Tim Cohen Shares Magic Trick’s Other Man’s Blues, Has All The Jokes

Meredith Schneider

Tim Cohen has been putting his songwriting talents to work with cohortsJ ames Kim, Alicia Van Heuvel, and Noelle Cahill under the moniker Magic Trick. Their latest offering – Other Man’s Blues – was written by Tim when he was splitting himself between two separate lives, as a new father in northern Arizona, and on the road with Magic Trick or Fresh & Onlys. It features the regular ensemble, plus some work from James Barone, Phil Manley, Paul Garcia, Joel Robinow, Emmett Kelly, Anna Hillburg, Dylan Edrich, Tom Heyman, and Marc Capelle.

The first track is titled “More”, beginning in a dream-like haze of ethereal vocals and heavy guitar rock. “Forest Of Kates” slows it down a bit, to a folksy western sound that also somehow emits a 60’s sound. “I Held The Ring” might first conjure images of a slight testament to Lord of The Rings, but it’s a fast paced, light song that holds striking, almost monotone, harmonies. “Scorpio” brings a darker feel to the album, much like the personality of the stubborn, defiant astrological sign. Don’t worry, Magic Trick wants you to know that “I’m no Scorpio,” so you can breathe a sigh of relief here.

Even with a name like “First Thought”, we’re glad they didn’t place this song first on the album. It’s upbeat, honest, and a song you could easily play at an end of summer barbecue or while decorating for your autumn festivities. It’s got a “come together” vibe to it, and we’re infatuated with it. “Mockingbird” is back to that sole vintage, 70’s feel. It sounds like something your mom may have spun on her record machine decades ago, and that might be why we love so much about it.

“Eternal Summer” has a title that boasts a serene, lazy day vibe. The song itself is no different. Although, to be frank, we felt more autumn in its daze-inducing guitar, but the vocals set in and immediately we are in a beach chair, drink in hand, “on the shore.”  The eighth track, “Purest Thing”, has very interesting percussion to it, transposed over a slower beat the keyboard enters the song with. As the composition layers in, the reverb welcomes us with open arms into a song replete with warmth.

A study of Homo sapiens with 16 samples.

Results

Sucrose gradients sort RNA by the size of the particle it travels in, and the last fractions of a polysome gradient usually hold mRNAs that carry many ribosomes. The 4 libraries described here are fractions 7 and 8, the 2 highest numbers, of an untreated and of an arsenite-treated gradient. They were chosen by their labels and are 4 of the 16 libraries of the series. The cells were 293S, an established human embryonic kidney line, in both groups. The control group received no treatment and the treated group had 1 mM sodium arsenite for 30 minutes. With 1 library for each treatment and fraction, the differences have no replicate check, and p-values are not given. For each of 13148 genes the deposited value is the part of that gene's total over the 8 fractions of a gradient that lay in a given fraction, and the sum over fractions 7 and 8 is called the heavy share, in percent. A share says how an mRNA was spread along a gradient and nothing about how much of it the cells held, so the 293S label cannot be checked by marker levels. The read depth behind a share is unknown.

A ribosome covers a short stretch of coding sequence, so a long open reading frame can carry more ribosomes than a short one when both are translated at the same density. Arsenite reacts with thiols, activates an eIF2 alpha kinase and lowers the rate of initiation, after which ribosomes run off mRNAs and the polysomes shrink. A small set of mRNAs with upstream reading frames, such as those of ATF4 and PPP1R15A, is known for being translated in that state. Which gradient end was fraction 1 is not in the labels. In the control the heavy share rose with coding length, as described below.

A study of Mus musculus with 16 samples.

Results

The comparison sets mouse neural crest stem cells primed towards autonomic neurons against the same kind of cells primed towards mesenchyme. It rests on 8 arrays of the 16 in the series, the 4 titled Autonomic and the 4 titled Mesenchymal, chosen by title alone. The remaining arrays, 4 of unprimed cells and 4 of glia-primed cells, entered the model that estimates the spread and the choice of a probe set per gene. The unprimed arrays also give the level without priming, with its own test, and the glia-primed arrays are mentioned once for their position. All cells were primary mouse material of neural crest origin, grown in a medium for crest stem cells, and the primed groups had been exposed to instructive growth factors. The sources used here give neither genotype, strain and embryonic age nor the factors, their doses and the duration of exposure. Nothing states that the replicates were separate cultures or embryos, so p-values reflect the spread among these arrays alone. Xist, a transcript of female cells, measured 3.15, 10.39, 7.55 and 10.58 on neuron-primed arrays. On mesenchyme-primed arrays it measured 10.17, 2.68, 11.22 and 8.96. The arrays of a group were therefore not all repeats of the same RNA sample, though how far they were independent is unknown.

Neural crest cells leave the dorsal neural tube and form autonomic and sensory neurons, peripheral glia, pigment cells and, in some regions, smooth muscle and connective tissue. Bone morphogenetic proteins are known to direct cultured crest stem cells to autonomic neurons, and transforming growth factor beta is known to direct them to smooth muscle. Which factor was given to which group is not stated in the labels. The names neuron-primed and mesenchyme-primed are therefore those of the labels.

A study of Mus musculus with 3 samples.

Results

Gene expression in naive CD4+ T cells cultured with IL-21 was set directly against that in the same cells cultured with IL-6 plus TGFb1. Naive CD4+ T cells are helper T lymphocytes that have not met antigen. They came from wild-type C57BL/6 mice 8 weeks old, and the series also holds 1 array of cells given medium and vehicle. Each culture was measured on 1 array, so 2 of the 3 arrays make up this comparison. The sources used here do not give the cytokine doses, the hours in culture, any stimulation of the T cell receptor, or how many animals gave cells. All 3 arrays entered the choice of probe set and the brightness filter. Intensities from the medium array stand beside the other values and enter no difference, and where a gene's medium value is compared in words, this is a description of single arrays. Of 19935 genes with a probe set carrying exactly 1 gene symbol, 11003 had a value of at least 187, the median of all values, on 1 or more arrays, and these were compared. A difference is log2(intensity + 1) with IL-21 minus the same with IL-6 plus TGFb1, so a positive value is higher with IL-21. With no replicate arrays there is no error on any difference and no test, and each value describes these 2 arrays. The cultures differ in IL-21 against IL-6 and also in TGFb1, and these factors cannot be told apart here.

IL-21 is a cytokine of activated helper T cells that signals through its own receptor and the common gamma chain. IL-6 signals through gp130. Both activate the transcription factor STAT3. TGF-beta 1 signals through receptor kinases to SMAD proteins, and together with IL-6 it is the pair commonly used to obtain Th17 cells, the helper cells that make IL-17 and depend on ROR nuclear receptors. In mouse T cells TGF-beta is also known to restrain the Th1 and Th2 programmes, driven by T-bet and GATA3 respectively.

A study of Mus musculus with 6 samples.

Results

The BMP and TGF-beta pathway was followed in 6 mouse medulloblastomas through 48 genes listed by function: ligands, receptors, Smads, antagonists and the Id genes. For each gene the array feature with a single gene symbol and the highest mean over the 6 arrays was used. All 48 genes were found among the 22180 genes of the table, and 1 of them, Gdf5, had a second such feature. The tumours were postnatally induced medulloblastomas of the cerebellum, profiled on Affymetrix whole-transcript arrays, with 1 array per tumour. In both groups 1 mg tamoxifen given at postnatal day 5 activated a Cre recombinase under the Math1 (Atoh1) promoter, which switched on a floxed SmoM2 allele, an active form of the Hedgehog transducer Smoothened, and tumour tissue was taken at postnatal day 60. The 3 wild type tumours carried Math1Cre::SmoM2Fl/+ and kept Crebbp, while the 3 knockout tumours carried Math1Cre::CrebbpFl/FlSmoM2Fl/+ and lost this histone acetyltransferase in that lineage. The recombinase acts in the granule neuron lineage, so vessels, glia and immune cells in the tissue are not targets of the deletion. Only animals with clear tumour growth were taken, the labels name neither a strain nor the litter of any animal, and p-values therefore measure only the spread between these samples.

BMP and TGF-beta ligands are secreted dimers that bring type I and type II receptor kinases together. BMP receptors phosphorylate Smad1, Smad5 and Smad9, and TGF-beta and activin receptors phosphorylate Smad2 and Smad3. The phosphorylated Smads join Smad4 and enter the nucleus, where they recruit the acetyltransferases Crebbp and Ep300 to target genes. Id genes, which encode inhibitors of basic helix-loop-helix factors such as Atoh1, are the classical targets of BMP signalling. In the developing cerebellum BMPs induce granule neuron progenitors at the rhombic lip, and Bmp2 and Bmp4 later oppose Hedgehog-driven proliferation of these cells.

Although there are only brief moments of chimes in “Startling Chimes”, we appreciate the dreamlike nod to a hippie attribution, and the comfort we feel in the words, “You’re mine, baby you’re mine.” Other Man’s Blues rounds out with “Oysters”, a wispy but slow, melancholic tale of love and patience.

We’re floored by this work, confident in our claim that it is the best yet from Magic Trick.

We shot some questions Tim’s way to get a little insight into his work. He definitely made us laugh with some of his answers. Enjoy.

If you could introduce yourself in any way possible, how would you do it?

By using sign language, but every time my hands moved, butterflies and other bugs would fly out of my fingers beautifully.

Where did the moniker Magic Trick come from?

I mean, its a seriously good band name. I can’t believe it hadn’t been used yet. It just came from my little book of band names that I made up on the bus or wherever.

 

How would you describe your music?

Like, fake sad i guess. Or intelligent but deadly.

Who is your biggest musical inspiration?

Gordon Lightfoot and Cat Stevens.

Where do you see yourself in 5 years?

Just about to get started on my next five-year plan, probably. So the same place.

If you were a food, what would you be and why?

Oh, I like this question. I would be the chicken adobo and rice I ate tonight, then you could really say that I’m so full of myself.

What’s up next for you?

I don’t know, let’s start a band haha

Other Man’s Blues is available August 26th. It is available for preorder now.